There is nothing like the sheer power of numbers to scrub away layers of confusion and contradiction - Freakonomics
Establishing meaningful performance targets can be difficult, but without them the value of management systems are reduced considerably. Targets represent a powerful expression of the underlying purpose, quality and equity of your measurement system. Therefore, it is critical, business leaders communicate: what they are trying to achieve (purpose); how they intend to achieve it (objectives); why each step builds-up the next (progress), and; what outcome levels are expected (success) before performance targets are officially established.
The difference between goals and performance targets
Too often, business leaders mistake goals for performance targets. Goals generally come from external benchmarks, ranking systems, compliance/regulatory mandates or customers and often represent the final stage of a high-standard. In many cases, present state capability exceeds defined goals, and must be routinely recalibrated to remain competitive. Performance targets, on the other hand, require explicit consideration of internal process maturity, current capability and team readiness. They are dynamic and typically present themselves as the output of equation (i.e. x compared to y = r). Well established targets promote a sustainable growth path because they combine two or more activity streams into one resulting value. It is important to note, targets that are arbitrarily set can drive unhealthy behaviors (e.g. reckless pursuit of short-term gains at the expense of long-term sustainable results) and must be mitigated.
Poorly defined measures manifest in similar ways. Projects and initiatives born to achieve high-level goals, without consideration for current capabilities that result in target setting, usually start fast and stumble quick; and they generally share the following tell-tale signs:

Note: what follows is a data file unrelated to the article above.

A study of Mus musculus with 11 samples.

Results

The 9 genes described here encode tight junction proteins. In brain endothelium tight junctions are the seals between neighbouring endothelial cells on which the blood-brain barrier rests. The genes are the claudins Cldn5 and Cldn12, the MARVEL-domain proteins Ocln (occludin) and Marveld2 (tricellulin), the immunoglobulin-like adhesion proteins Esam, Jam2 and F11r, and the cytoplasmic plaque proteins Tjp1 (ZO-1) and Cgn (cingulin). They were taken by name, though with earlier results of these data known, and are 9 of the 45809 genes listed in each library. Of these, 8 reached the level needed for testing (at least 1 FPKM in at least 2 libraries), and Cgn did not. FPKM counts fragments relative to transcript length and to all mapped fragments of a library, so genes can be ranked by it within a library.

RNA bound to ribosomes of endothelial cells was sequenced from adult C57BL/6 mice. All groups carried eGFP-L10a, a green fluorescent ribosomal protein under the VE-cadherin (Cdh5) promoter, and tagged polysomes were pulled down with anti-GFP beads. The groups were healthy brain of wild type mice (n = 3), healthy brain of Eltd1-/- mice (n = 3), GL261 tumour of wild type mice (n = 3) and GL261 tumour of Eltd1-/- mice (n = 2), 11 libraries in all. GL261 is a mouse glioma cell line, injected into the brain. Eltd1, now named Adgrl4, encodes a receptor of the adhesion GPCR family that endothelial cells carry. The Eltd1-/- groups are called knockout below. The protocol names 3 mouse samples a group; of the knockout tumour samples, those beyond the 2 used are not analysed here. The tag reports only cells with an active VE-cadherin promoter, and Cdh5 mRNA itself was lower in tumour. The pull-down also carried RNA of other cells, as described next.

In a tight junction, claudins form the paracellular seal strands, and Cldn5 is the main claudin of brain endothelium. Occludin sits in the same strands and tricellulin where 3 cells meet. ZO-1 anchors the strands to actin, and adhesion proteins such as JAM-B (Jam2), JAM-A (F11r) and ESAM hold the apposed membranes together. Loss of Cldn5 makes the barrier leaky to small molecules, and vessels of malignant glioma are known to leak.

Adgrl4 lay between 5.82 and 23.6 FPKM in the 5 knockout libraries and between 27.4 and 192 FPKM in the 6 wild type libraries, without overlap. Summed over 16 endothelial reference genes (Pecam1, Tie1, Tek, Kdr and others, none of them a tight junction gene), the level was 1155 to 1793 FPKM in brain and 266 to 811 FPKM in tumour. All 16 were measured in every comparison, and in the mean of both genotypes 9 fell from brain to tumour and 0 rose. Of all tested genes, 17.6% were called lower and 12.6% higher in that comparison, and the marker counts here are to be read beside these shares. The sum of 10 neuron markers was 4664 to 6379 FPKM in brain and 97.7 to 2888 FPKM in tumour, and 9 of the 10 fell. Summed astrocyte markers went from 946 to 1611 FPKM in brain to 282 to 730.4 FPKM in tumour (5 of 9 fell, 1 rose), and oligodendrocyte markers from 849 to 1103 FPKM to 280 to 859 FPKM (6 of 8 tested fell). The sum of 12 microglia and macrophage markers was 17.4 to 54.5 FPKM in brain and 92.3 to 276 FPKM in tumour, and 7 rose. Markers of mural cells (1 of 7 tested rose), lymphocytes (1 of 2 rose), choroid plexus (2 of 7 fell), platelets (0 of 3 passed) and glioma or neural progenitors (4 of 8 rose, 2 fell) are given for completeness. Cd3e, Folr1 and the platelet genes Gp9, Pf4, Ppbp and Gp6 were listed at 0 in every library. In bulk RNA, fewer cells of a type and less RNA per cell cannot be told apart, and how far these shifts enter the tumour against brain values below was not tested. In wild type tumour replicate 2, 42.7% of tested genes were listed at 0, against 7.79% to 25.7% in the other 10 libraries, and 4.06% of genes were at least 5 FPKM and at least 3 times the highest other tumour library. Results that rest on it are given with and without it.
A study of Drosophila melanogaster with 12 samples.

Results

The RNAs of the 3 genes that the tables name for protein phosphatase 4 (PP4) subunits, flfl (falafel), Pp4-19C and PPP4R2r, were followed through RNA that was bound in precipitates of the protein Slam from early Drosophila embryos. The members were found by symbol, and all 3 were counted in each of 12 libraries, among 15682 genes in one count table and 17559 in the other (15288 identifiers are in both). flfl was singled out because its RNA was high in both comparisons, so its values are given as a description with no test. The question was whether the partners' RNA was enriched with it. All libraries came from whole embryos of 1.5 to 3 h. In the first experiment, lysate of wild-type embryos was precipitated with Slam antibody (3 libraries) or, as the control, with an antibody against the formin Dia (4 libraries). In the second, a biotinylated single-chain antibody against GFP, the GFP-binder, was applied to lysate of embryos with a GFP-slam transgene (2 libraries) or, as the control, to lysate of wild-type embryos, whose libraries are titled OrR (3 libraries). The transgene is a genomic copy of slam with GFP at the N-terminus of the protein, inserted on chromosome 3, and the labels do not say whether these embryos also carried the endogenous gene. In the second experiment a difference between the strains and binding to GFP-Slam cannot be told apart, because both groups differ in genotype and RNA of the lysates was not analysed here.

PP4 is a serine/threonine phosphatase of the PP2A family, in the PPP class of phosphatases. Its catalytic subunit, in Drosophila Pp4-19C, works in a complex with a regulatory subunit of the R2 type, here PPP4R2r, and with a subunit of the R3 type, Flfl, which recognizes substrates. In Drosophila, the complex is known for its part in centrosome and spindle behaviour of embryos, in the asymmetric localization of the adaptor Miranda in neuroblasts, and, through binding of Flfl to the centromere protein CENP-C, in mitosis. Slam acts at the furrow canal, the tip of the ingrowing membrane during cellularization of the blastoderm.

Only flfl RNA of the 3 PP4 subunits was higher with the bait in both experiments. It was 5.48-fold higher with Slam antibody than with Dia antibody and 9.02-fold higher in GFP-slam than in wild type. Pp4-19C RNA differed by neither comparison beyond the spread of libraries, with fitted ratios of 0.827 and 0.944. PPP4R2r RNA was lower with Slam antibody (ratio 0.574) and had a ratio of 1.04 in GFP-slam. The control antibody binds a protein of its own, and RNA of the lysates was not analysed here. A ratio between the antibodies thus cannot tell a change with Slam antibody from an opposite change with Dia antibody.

Targets are not conspicuously attached to a known strategy
Key targets do not have clearly accountable owners
Cascaded or supporting targets do not exist
Unable to collect data or data collected is of poor quality
Multiple false starts and/or significant timeline/scope changes of key initiatives
Excessive resource and/or champion turnover
Key projects must "borrow" results from other projects to show momentum
Old and lengthy incomplete action item logs
External strategies developed without implementation plans
Rules for setting a winning performance targets
Performance targets are most effective when they are inextricably linked to strategic objectives, and identify associated measures that unambiguously illustrate progression or the lack thereof. The unofficial rules for setting a performance targets include the following:
Business leaders must know what they are expected to deliver before they become accountable for delivery
Accountability for achieving a performance target can only be assumed by a person who has the authority, resources and ability to deliver it
Calculations, measures, indicators and conditions illustrating success must be transparent
Business leaders must accept their accountability as the person who can, must and will deliver
Consider using an outsider who will "push" the team
An external resource, experienced in developing meaningful measures can facilitate the cultural change necessary to sustain and maximize returns on adopting a meaningful measurement system. A veteran external resource will challenge the team on its assumptions, foster accountability and introduce ways to improve individual, team, and systemic performance.